UPDATED EPA LIST: Exide has most plants in violation of air safety laws for lead emissions
Last week, the EPA added five sites to its Lead National Ambient Air Quality Standards (NAAQS) Non-attainment Designations list, making a total of 21 areas and parts of 22 counties across 15 states and Puerto Rico that are in violation of federal air quality health standards for lead emissions. You can download a copy of the updated list here.
EXIDE OWNS ALMOST ONE-THIRD OF THE PLANTS ON EPA NON-ATTAINMENT DESIGNATION LIST
The additional sites that violate federal air quality safety regulations for lead emissions are inÂ Illinois, Iowa, Michigan, Puerto Rico and Kansas, The Kansas location is the Exide lead smelter in Salina, KS.
The addition of the Salina facility to the EPA list means that Exide -Â one of the world’s largest producers, distributors and recyclers of lead-acid batteries – now has six out of the 21 facilities that do not meet safe air quality laws – almost one-third of the violators, and more than any other company. (The Exide plants in violation of EPA lead emission standards are located in Frisco, Vernon, CA, Muncie IN, Salina, KS, North Reading, PA, and Bristol, TN.)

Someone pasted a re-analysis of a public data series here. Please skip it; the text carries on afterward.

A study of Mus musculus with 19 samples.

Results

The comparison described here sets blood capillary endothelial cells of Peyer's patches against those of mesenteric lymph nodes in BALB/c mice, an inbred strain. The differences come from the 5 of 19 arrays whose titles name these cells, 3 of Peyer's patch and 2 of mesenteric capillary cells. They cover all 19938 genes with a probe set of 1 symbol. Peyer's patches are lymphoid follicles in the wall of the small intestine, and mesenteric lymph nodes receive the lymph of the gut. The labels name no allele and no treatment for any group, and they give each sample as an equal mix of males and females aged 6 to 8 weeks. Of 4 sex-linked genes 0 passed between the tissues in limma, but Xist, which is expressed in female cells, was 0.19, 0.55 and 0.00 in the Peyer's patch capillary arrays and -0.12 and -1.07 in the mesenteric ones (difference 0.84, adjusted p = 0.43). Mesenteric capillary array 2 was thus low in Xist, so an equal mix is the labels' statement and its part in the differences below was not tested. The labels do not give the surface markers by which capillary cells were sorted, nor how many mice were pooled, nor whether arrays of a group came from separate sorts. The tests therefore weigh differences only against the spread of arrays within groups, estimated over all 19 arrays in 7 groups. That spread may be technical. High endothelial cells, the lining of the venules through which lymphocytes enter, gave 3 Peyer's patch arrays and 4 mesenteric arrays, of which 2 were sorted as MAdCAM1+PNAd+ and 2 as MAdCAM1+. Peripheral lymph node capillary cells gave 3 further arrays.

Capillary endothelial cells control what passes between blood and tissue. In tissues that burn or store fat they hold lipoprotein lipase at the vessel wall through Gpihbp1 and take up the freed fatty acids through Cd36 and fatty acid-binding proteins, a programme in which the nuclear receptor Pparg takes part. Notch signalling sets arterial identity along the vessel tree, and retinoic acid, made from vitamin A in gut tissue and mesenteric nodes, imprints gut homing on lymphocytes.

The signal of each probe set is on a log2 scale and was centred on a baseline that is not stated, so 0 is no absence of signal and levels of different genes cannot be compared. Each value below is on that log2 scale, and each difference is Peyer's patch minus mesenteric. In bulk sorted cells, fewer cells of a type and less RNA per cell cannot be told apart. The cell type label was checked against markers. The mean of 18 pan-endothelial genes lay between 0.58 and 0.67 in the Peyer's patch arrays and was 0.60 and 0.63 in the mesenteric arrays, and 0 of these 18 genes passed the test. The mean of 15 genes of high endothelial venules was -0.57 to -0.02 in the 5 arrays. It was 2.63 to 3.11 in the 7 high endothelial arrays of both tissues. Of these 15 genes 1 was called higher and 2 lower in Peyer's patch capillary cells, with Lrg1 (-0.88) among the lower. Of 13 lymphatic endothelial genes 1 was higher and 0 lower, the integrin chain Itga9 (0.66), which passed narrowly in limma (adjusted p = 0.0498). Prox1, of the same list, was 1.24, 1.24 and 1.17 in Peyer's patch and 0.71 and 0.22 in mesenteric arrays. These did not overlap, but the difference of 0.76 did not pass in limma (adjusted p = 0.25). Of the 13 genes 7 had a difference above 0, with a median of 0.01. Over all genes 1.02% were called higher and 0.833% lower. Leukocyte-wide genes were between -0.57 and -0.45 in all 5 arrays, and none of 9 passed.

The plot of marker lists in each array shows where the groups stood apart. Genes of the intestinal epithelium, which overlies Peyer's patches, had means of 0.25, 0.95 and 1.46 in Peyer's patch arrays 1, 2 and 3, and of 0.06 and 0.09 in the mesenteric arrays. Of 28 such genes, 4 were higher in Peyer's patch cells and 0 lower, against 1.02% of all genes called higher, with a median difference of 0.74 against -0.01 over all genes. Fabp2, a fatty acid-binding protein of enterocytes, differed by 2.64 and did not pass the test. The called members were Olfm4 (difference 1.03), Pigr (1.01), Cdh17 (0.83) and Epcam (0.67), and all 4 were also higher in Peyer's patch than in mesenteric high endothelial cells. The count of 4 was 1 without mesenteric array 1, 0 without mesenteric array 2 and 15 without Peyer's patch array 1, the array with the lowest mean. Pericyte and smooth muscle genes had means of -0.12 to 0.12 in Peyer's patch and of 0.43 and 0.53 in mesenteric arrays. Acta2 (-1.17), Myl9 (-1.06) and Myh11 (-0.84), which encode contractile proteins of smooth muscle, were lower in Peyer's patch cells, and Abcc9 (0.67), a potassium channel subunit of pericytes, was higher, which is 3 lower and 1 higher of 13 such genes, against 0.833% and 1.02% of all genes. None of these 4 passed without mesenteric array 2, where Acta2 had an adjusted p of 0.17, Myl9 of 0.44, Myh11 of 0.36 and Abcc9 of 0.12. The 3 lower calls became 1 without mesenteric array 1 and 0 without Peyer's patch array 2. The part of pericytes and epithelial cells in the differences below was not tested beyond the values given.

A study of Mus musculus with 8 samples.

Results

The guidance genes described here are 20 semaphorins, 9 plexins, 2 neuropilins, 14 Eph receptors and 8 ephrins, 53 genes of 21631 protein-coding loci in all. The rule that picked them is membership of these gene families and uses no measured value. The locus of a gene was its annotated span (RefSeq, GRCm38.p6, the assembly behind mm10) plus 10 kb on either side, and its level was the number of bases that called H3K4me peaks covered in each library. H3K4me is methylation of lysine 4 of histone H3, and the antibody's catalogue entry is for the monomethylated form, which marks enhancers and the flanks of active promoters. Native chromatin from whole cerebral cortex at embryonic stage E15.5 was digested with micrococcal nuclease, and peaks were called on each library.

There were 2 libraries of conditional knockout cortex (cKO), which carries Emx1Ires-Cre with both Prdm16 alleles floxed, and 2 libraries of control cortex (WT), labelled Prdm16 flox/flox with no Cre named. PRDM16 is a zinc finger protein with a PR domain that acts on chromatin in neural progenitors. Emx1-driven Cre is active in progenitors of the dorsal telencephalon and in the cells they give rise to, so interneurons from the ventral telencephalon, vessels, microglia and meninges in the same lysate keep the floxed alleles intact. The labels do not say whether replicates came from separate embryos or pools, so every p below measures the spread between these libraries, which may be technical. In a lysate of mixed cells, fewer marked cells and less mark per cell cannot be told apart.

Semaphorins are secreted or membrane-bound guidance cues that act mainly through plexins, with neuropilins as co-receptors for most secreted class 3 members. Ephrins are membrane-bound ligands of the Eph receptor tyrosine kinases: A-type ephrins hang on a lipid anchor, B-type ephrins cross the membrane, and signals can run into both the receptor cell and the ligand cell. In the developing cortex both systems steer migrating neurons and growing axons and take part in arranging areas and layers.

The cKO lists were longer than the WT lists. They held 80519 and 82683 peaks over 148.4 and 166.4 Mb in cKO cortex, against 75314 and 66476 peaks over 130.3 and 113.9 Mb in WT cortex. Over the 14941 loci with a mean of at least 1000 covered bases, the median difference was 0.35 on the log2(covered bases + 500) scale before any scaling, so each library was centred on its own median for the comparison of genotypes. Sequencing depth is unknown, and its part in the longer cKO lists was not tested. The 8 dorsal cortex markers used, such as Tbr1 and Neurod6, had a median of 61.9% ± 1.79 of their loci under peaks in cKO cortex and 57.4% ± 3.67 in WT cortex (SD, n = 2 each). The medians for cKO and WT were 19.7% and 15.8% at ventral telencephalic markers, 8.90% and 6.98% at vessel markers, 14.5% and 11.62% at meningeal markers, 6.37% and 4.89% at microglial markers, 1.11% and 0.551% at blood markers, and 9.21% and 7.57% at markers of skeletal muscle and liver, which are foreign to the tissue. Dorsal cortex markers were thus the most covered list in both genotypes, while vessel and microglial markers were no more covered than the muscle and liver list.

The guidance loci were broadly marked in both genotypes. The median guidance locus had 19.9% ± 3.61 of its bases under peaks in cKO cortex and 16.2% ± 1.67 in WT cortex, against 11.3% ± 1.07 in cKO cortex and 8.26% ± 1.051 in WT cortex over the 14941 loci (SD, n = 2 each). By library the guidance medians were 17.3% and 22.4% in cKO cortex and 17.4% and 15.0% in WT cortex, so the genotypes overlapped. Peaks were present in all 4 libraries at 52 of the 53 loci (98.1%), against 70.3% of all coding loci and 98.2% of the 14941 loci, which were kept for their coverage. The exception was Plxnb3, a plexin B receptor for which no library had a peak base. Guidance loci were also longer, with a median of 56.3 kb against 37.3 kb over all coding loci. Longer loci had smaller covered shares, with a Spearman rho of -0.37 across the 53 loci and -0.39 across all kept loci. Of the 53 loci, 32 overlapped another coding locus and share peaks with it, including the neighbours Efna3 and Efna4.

Also, when you look at the EPA non-attainment list and compare it to a listing ofÂ Exide’s U.S. facilities, out of the company’s six remaining recycling facilities (there were seven, but Exide closed its Baton Rouge plant in 2009),Â five out of the six of its remaining U.S. recycling plants are in non-attainment status.
In addition, out of Exide’s seven U.S. manufacturing facilities, two are on the EPA lead nonattainment list – the Salina, KS, and Bristol, TN plant, which is the world’s largest battery production and distribution center.
EXIDE CLOSING BRISTOL MANUFACTURING PLANT; QUESTIONS RAISED ABOUT FEDERAL FUNDING, STATE TAX INCENTIVES
Also last week, Exide announced that it is closing the Bristol manufacturing plant. In 2009, Exide won $34.3 million in federal American Recovery and Reinvestment Act Funding for a proposal for its Bristol and Columbus, GA., plants to make batteries with advanced carbon technology.
Exide also received as much as $15 million in tax incentives and other benefits for a ten-year period from the states of Tennessee and Georgia for the Bristol and Columbus plants. With the Bristol plant closing, questions are being raised about the federal funds and state and local tax incentives that Exide received for the Bristol plant.